Plant life on Mt. Etna, a trip around the map of the Etnean vegetation

Emilia Poli Marchese & Giuseppe Patti

The plant life on an active volcano as Mt. Etna is made up of different elements which diversify according to the varying of volcanic soil, climate and human activity. The changes in plant life according to the altitude are caused, above all, by varying of climatic factors and allow to recognise vegetation belts on the slopes of the volcano, each characterised by very specific types of the vegetation. Their distribution on the slopes of the volcano is shown on the Map of vegetation of Mt. Etna, on a scale of 1:50,000, drawn up by us (Poli Marchese and Patti, 2000). Basal-Mediterranean belt This belt extends from sea level up to 1,000-1,200 m a.s.l. and sometimes up to 1,400-1,500 m. Along the rocky coast there is a narrow belt of halophytic vegetation.

After leaving this zone the plant landscape is largely characterized by cultivated areas. Citrus field prevail down, up to 300-400 m a.s.l. Above there are principally vineyards, olive and almond groves, orchards and pistachio and hazel-nut groves. This landscape, heavily influenced by man, has long replaced the natural vegetation made up by the forests or scrub-forests with wild olive tree, on the lower slopes, and by olm oak (Quercus ilex) forests at higher altitudes. Just few pieces of these forests are still present; they can be found up to over 1,200 m a.s.l. At higher altitudes there is a belt mostly characterised by deciduous oak forests, where the Quercus pubescens s.l. oak species is dominant; in some areas these forests have been partially replaced by chestnut woods or orchards and vineyards. Next to these forests, or in their place, there are also forests of larch pines (Pinus laricio).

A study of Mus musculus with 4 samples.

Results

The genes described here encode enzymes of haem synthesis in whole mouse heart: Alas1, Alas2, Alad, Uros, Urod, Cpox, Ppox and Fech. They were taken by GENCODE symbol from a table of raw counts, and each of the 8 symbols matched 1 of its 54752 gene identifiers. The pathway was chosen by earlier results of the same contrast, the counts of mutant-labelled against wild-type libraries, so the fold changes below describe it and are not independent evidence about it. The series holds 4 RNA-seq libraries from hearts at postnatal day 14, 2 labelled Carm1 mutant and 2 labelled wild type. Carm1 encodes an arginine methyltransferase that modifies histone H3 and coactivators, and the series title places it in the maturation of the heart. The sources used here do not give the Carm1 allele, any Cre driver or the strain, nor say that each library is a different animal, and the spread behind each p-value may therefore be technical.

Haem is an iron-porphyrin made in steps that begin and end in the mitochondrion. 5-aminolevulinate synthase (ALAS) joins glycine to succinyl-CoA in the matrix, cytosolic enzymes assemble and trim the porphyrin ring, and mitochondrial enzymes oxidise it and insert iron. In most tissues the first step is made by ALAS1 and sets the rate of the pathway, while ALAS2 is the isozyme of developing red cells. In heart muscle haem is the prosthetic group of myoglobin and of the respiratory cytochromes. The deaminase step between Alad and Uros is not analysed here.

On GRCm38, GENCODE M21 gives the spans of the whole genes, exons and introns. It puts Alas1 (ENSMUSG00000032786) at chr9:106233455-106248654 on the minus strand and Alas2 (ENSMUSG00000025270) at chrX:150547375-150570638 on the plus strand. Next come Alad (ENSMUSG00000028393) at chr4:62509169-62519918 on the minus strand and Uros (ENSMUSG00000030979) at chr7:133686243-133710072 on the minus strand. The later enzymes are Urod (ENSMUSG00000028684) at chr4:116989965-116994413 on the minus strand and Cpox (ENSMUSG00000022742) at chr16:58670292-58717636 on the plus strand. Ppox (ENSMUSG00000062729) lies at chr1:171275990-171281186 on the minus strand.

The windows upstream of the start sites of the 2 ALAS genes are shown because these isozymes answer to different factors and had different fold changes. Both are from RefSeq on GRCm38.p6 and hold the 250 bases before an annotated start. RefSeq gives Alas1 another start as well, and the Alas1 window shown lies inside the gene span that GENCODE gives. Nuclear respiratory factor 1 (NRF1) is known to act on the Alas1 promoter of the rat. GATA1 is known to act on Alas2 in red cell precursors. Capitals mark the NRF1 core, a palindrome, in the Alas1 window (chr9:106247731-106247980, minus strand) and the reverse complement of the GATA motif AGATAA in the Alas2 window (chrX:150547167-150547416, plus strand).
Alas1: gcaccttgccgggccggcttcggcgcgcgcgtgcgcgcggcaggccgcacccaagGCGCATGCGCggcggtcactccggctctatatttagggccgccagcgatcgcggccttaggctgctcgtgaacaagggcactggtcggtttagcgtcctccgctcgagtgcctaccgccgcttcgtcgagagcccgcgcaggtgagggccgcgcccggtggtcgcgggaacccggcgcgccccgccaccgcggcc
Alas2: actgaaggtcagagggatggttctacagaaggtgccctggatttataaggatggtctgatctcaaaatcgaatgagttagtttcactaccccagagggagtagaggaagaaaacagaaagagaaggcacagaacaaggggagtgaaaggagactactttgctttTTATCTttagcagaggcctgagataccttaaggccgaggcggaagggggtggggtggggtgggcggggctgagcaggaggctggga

Mountain-Mediterranean belt Above the deciduous oak forests and up to the higher limit of forests (1,800-1,900 m a.s.l. and up to 2,300 m a.s.l.), there is the beech (Fagus sylvatica) belt. It is fragmentary distributed due to volcanic activity, climatic conditions and human disturbance. In some areas the beech is accompanied or replaced by the larch pines (Pinus laricio) or by the birch (Betula aetnensis), endemic species of Mt. Etna.
High-Mediterranean belt Above the tree line the plant life is characterized by a thorn pillows species (Astragalus siculus), endemic of Mt. Etna and well adapted to the local climate conditions. The thorn pillows shelter herbaceous species, some of which are endemic. This vegetation is exclusive of the Etna volcano. At 2400-2450 m a.s.l. and up to 2900-3000 m the vegetation is made up by very few and almost all endemic species; they are widespread in a discontinuous way. At 3000-3050 m a.s.l. and up to the top of Mt. Etna (3350 m) there is only the “volcanic desert”, where the plant life is totally absent.